Confessions of a Jane Austen Addict (Jane Austen Addict Series #1)
After nursing a broken engagement with Jane Austen novels and Absolut, Courtney Stone wakes up and finds herself not in her Los Angeles bedroom or even in her own body, but inside the bedchamber of a woman in Regency England. Who but an Austen addict like herself could concoct such a fantasy? Not only is Courtney stuck in another woman’s life, she is forced to pretend she actually is that woman; and despite knowing nothing about her, she manages to fool even the most astute observer. But not even her level of Austen mania has prepared Courtney for the chamber pots and filthy coaching inns of nineteenth-century England, let alone the realities of being a single woman who must fend off suffocating chaperones, condom-less seducers, and marriages of convenience. This looking-glass Austen world is not without its charms, however. There are journeys to Bath and London, balls in the Assembly Rooms, and the enigmatic Mr. Edgeworth, who may not be a familiar species of philanderer after all. But when Courtney’s borrowed brain serves up memories that are not her own, the ultimate identity crisis ensues. Will she ever get her real life back, and does she even want to?
Praise For Confessions of a Jane Austen Addict (Jane Austen Addict Series #1)…
“[A] delightful comic romp … Jane Austen makes a cameo appearance that is pure pleasure.”—The Times Picayune
“[A] charming novel… Rigler writes beautifully… a light and deftly orchestrated visit to 1813.”—Austen Blog
"Confessions is a novel of manners, but with a nifty twist. Laurie Viera Rigler sets the sensibilities of a 21st century L.A. woman against the manners of Regency England to watch the sparks fly. By turns funny, thoughtful, romantic and suspenseful, this engaging story is as brisk and delightful as ‘taking a turn in the shrubbery’ in the company of a handsome gentleman. If you’ve ever fantasized about being a Jane Austen heroine, this is your book."—Judith Ryan Hendricks, author of Bread Alone
“A rich, saucy lark of a book for all of us who have ever looked at our lives and marveled, 'How did I get here?'"—Marisa de los Santos, author of Love Walked In
“Courtney, flung into the past, learns the importance of living in the present even as she challenges our assumptions about identity and memory. I read this wonderful novel in a single sitting; Jane Austen fans will love it!"—Masha Hamilton, author of The Camel Book Mobile
"Rigler evokes the Jane Austen period masterfully, along with the perplexity of a 21st century L.A. woman, Courtney Stone, who lands unexpectedly in the body of a 19th century British woman in a world of chamber pots, chaperones, and different rules about finding true love. Courtney's navigation of the delicate 19th century social scene and her attempts to figure out how to get back to her ‘real’ 21st century life make for a hilarious and affecting, all-around wonderful read."—Ellen Baker, author of Keeping the House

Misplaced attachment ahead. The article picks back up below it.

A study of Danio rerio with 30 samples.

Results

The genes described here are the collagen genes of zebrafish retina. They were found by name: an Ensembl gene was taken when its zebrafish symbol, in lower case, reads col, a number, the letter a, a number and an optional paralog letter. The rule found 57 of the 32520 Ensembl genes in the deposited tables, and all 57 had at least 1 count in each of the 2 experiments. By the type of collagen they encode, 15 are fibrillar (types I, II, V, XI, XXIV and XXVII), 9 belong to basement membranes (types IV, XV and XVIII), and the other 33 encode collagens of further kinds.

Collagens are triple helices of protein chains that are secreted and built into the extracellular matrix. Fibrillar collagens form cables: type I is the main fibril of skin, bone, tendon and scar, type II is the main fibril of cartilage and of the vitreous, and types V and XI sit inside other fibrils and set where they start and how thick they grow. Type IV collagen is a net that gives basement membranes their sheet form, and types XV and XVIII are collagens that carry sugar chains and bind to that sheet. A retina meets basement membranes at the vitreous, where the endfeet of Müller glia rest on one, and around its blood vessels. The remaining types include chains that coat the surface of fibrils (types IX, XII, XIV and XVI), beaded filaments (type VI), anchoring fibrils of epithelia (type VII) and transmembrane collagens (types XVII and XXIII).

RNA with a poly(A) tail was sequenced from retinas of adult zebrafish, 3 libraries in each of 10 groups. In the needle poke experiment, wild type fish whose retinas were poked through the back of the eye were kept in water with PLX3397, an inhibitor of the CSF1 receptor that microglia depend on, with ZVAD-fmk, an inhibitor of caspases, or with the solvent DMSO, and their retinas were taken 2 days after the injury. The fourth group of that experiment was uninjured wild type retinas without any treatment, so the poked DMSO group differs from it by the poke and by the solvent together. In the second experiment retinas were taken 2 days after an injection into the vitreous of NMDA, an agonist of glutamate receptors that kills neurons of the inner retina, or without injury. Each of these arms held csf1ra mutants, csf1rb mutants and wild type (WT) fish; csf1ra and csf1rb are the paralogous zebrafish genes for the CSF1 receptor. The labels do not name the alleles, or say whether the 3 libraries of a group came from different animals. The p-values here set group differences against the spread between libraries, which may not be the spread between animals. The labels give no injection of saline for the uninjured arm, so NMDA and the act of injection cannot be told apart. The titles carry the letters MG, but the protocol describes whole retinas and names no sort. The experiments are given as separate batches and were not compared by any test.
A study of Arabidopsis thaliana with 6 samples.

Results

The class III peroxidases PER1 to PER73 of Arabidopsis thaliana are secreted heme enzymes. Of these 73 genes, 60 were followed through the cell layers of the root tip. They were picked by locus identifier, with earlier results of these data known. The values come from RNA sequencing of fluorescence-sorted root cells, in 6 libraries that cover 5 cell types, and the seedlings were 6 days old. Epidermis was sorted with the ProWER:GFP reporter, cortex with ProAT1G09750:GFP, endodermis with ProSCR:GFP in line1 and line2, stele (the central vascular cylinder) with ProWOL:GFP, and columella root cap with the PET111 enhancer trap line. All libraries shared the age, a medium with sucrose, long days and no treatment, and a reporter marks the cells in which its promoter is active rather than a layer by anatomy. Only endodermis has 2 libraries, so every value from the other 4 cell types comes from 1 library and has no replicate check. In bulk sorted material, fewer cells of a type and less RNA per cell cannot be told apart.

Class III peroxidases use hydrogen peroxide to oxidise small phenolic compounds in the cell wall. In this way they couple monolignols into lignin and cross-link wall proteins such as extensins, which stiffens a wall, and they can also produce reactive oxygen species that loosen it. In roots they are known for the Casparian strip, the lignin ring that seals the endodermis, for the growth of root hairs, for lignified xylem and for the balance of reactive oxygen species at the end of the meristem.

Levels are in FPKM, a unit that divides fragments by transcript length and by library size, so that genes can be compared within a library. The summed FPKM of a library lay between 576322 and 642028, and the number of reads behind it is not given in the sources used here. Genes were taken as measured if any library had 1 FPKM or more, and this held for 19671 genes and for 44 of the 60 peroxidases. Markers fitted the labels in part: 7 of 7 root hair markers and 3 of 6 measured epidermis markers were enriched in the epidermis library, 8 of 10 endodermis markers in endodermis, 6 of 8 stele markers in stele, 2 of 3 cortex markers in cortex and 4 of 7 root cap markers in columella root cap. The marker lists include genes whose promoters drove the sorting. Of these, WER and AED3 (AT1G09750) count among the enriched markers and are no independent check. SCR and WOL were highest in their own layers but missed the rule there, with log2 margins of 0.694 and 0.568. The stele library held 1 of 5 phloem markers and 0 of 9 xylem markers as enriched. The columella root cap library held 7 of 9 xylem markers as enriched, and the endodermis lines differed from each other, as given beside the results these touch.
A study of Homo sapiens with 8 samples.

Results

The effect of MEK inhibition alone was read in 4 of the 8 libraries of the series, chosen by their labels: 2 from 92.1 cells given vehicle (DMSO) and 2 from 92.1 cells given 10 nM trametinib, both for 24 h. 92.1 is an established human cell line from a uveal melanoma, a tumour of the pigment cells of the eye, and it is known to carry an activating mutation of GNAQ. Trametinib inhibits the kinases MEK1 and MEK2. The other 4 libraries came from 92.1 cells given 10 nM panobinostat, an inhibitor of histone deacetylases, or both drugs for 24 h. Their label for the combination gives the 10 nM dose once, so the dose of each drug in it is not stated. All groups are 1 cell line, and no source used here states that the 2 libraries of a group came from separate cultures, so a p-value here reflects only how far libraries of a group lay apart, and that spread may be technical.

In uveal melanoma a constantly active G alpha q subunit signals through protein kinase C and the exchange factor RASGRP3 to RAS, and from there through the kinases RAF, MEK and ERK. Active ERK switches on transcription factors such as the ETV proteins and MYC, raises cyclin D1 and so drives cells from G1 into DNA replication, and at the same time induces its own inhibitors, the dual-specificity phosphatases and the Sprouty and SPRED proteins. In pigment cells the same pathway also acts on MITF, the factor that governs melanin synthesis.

“A devotee of all things Austen… discovers the reality of life in Regency England: rampant body odor, sexual and class repression and a style of medical care involving bloodletting… Despite the smells, little in [her] current lifestyle—including most of the men—can compete with the erotic charge of dancing in a candlelit ballroom.”—USA Today
Plume, 9780452289727, 304pp.
Publication Date: April 29, 2008
About the Author
Conversation Starters from ReadingGroupChoices.com
Would you have handled things differently if you found yourself in Courtney’s/Jane’s situation? Which things would you have done differently? Which things would you have done the same?
How does Courtney/Jane use Jane Austen’s novels as a means of making sense of her world? Have you ever turned to your favorite books or films for inner strength, guidance, or comfort?
How do you interpret the ending of the book?
Aside from the societal restrictions on a woman’s mobility, career choices, and living arrangements that Courtney/Jane faced in 1813, have parental, peer, and personal attitudes toward unmarried women fundamentally changed since Jane Austen’s day?
One of the ways in which Courtney/Jane defines herself is by what she reads. To what extent do we define ourselves by what we read? To what extent do we form our opinions of others based on what they read?
Like Courtney/Jane, have you ever found yourself in a situation where your very concept of who you are was fundamentally challenged?
What are the things you think you would enjoy the most about being in Jane Austen’s world? What are the things you might find particularly challenging? Is there anything in the contemporary world that you absolutely could not do without?
If it were possible for you to be someone in Jane Austen’s world, who would you wish to be? Would you prefer a round-trip ticket to that world, or one-way only?